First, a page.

Football: Bridges extends gap in class
Sunday 29 November 1998
Quinn 7, 75, Bridges 13, 35
Half-time:0-3 Attendance: 25,612
SUNDERLAND ARE five points ahead in the First Division and, on this evidence, streets ahead as well as they brushed aside with embarrassing ease a side that before kick-off appeared to be competitively-placed in fourth.
The United manager, Steve Bruce, summed up the distance perfectly: "The best team won by a million miles."
Sheffield were without their leading scorer, Dean Saunders, sent home by Bruce after having talks with a Premiership club, and were reduced to 10 men when injury robbed them of Graham Stuart a minute after a series of half-time substitutions. But Sunderland only bothered playing in the first 45 minutes, converting three of the countless chances their silky, imaginative play created.
With Nicky Summerbee fluent down the right, Niall Quinn dominant in the air, Lee Clark exhibiting his full collection of passes and Michael Bridges sparkling and making Bruce labour over every one of the 17 years he gave him, Sunderland were irresistible.
"We were fantastic," Peter Reid said without exaggeration. The rout began in the seventh minute when Summerbee floated over a free-kick which bounced in the box and reared up on to the unmarked head of Quinn. A yard out, he would have struggled not to score.
Seven minutes later the lead was doubled. Chris Makin drifted the ball in and Bridges stole in front of Nicky Marker. He killed the ball dead with his first touch and after a swift turn did the same to the game with his second touch by placing the ball wide of Simon Tracey.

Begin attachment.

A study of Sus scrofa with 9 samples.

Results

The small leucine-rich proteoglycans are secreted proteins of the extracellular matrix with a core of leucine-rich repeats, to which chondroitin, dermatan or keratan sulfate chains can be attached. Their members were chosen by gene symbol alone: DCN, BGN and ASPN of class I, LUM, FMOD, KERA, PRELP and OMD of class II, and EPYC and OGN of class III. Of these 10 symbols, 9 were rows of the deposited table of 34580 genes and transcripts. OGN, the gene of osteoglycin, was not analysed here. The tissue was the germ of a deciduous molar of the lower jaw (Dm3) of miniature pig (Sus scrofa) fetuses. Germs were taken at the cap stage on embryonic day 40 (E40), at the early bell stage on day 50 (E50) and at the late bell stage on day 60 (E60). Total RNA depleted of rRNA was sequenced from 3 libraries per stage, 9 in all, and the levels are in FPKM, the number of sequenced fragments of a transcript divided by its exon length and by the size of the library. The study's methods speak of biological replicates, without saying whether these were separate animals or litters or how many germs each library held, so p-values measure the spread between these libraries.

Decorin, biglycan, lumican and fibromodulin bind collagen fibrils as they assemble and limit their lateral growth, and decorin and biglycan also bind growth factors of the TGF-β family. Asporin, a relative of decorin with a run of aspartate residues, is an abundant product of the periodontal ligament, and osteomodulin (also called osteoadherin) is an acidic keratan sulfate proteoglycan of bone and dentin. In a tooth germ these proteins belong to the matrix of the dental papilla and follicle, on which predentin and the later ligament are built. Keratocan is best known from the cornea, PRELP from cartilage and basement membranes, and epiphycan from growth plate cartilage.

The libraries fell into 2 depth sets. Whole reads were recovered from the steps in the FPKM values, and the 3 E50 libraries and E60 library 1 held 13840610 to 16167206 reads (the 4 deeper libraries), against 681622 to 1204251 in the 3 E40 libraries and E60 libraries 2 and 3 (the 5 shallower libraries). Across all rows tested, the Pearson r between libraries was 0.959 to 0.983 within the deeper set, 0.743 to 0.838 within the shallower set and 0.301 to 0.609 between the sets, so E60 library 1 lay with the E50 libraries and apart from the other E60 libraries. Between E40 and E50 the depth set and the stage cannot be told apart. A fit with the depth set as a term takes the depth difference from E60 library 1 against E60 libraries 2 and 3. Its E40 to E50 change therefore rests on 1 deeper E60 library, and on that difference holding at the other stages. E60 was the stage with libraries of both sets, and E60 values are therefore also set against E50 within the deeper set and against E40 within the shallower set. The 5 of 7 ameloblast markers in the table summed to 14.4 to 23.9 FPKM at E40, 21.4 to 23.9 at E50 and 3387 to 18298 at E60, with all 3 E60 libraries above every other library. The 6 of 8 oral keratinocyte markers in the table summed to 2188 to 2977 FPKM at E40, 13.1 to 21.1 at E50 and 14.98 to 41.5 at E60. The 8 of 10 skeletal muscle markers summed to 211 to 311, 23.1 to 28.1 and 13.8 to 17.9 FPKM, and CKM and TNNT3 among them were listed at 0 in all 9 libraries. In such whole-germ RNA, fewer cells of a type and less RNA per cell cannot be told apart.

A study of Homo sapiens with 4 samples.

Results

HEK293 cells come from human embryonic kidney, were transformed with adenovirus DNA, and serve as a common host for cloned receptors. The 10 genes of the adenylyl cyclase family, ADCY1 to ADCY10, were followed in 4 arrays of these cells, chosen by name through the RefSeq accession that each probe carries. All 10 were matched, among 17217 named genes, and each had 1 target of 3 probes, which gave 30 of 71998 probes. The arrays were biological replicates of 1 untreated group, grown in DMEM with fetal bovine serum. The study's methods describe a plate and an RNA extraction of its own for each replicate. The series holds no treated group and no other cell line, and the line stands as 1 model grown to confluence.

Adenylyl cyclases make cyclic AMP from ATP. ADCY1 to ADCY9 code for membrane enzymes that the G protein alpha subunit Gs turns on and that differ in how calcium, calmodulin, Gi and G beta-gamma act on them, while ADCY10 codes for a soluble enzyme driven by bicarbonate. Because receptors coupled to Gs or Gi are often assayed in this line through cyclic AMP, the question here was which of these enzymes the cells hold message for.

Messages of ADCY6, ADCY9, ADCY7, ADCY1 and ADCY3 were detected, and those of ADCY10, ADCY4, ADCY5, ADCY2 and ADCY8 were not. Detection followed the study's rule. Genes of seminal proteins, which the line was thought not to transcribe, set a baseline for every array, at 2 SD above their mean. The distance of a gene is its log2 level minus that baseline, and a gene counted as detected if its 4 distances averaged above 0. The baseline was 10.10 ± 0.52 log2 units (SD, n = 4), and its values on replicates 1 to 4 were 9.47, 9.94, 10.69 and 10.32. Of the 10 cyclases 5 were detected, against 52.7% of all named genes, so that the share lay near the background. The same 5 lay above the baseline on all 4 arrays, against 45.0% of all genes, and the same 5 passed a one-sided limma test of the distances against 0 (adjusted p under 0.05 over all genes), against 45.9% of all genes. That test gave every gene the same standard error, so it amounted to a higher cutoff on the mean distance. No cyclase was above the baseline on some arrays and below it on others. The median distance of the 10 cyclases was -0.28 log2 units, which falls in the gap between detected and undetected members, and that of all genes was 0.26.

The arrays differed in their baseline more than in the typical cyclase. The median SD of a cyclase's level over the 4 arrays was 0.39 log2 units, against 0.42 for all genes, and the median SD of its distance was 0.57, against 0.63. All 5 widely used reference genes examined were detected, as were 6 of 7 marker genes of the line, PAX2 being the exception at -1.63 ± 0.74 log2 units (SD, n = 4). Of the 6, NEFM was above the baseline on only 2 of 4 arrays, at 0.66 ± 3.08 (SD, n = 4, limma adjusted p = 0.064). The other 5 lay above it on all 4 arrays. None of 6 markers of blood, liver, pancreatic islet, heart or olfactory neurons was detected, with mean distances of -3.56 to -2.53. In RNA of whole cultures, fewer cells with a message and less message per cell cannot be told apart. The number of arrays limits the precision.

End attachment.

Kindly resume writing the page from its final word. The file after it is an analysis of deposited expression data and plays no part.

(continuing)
In the 35th minute Sunderland scored again. When Shaun Derry brought down Quinn on the half-way line, Allan Johnston sent Bridges away. He danced around Tracey, waited for Marker and Bruce to reach the goal-line before coolly putting the ball between them for his ninth goal of the season.
United were so far behind that Stuart's injury could have been a cunning tactic -- the only team to defeat Sunderland in 27 games are Barnsley, who did it last week when they had a man sent off. The tactic worked in that Sunderland scored just once more - Quinn's tap-in being his eighth in eight games.
Bridges and Daniele Dichio brought great saves from Tracey, but when Johnston baffled Derry into tripping him, Bridges, so precise all afternoon, put the penalty wide.
"His first touch and the way he moves the ball are top class," Reid said of his 20-year-old protege, "And that is difficult to buy."